You know the ones, the cheesy magicians who pull some roses out of their pocket to give to the mum who’s hosting her child’s birthday party, and then make the birthday girl disappear into the next room before finding 50 pence behind her ear.
Well, whether they’re one of those, or the world-famous Dynamo, they all follow the same three golden rules:
- Never tell anyone the secret, because that’s where the magic lies.
- Never show anyone your tricks until you practice, because proper preparation prevents poor performance.
- Never do the same trick twice for the same person: The first time is a trick; the second time is a lesson.
It turns out that the small-scale tricksters can earn a hell of a lot more than you as well!
Tricky Henry, who manages the magic department at New York City’s Abracadabra magic store, said to Forbes:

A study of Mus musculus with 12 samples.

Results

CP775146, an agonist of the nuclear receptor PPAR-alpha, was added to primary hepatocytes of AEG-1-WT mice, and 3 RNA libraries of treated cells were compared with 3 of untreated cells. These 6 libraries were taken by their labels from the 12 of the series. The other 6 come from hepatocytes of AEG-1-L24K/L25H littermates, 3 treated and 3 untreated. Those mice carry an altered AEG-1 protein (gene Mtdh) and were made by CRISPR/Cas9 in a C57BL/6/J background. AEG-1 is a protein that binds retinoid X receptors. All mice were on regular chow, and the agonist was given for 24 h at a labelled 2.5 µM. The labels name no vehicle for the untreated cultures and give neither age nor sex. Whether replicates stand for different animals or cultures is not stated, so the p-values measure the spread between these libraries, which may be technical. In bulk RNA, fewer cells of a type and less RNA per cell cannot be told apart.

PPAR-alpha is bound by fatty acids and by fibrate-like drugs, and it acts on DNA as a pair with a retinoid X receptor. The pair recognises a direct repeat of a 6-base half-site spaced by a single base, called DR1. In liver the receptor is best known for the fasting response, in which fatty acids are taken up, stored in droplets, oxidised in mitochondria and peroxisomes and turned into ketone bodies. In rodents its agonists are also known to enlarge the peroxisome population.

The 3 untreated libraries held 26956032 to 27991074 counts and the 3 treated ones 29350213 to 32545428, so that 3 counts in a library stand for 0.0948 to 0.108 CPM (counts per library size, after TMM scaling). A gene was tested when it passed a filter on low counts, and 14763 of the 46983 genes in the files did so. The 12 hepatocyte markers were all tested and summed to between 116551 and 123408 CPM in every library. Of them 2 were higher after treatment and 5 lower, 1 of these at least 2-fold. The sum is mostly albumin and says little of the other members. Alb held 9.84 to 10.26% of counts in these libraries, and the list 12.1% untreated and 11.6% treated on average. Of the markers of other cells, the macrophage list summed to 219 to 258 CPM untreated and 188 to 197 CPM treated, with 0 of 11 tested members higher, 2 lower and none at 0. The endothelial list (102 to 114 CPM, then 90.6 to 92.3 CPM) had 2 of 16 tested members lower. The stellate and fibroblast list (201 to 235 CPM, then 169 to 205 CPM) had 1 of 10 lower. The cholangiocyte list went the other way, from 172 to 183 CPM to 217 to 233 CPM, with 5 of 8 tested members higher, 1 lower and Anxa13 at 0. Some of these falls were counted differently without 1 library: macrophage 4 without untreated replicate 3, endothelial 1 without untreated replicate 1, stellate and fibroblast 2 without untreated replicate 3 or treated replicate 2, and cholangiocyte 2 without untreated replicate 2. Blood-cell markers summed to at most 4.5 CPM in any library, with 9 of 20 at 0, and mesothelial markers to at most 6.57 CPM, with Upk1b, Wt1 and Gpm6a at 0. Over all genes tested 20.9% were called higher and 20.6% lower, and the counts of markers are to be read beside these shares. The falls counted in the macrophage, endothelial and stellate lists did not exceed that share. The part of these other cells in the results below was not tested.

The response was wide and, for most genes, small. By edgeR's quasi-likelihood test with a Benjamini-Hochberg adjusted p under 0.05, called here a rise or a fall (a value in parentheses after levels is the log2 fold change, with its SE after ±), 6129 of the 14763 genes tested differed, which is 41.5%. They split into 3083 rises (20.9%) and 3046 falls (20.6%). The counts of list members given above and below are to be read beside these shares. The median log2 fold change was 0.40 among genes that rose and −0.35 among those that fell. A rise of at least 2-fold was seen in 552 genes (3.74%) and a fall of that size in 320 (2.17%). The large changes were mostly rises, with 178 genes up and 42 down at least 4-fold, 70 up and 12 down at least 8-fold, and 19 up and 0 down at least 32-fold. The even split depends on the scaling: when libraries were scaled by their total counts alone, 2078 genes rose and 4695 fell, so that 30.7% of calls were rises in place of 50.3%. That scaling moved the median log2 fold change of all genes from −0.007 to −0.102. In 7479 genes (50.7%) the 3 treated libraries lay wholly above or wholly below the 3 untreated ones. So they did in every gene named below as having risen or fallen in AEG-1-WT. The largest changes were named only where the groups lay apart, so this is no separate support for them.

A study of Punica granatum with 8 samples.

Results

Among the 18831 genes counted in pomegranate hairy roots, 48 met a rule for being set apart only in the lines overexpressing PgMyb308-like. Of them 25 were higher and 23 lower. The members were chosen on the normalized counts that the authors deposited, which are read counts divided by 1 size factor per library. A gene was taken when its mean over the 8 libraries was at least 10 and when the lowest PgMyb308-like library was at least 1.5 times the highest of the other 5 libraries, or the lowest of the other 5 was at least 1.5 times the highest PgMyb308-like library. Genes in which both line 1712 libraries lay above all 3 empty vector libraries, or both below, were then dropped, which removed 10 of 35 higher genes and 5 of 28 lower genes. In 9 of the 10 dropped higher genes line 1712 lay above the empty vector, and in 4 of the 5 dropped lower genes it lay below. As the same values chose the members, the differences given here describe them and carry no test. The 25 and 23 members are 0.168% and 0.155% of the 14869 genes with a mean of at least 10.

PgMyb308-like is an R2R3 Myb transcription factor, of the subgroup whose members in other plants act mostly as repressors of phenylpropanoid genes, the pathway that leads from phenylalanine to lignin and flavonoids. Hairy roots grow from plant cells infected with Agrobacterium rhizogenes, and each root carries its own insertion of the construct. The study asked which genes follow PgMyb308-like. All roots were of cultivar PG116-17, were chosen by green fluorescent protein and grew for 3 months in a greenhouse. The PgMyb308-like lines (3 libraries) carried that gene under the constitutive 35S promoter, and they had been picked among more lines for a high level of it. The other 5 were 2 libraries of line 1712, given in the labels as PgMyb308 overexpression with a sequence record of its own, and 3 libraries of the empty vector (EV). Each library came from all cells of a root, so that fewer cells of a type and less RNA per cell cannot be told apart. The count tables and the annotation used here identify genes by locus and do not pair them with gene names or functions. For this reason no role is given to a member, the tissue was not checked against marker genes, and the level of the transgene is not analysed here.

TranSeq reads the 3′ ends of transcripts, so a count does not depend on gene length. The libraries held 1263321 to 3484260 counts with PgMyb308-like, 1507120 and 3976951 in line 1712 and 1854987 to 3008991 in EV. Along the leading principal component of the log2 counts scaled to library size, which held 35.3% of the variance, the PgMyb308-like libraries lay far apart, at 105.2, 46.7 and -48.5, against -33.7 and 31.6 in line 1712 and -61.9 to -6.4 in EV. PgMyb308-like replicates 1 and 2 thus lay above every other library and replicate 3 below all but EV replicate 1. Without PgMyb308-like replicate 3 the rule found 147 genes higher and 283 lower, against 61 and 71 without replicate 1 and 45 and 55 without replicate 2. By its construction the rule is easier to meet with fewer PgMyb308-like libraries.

What famous magicians do and what birthday party and local magicians do is, at the heart of it, the same thing.
The only difference is some have been discovered while the others haven’t.Advertisement
One example is Shawn Farquar, the ex-president of the International Brotherhood of Magicians which is a society of about 15,000 magicians only 20% of whom are professionals, who earned $250,000 per year in his best years.
Apparently a six-figure salary ($100,000) is ‘no problem, especially if you’re in New York, Los Angeles or Chicago’.
While this doesn’t compare to David Copperfield’s $64 million, the $100,000 is pretty amazing for a small-scale party musician!
Max Darwin, aka Amazing Max, makes a comfortable $200,000 performing for audiences ranging from a dozen children at a birthday, to 200 people at an off-Broadway show, to 1000 on his annual tour.
Of course not all magicians are raking in six figures, but because the skills are still pretty rare, it can be a very lucrative weekend business.
I don’t know about you, but I’m going to spend the rest of my evening practicing.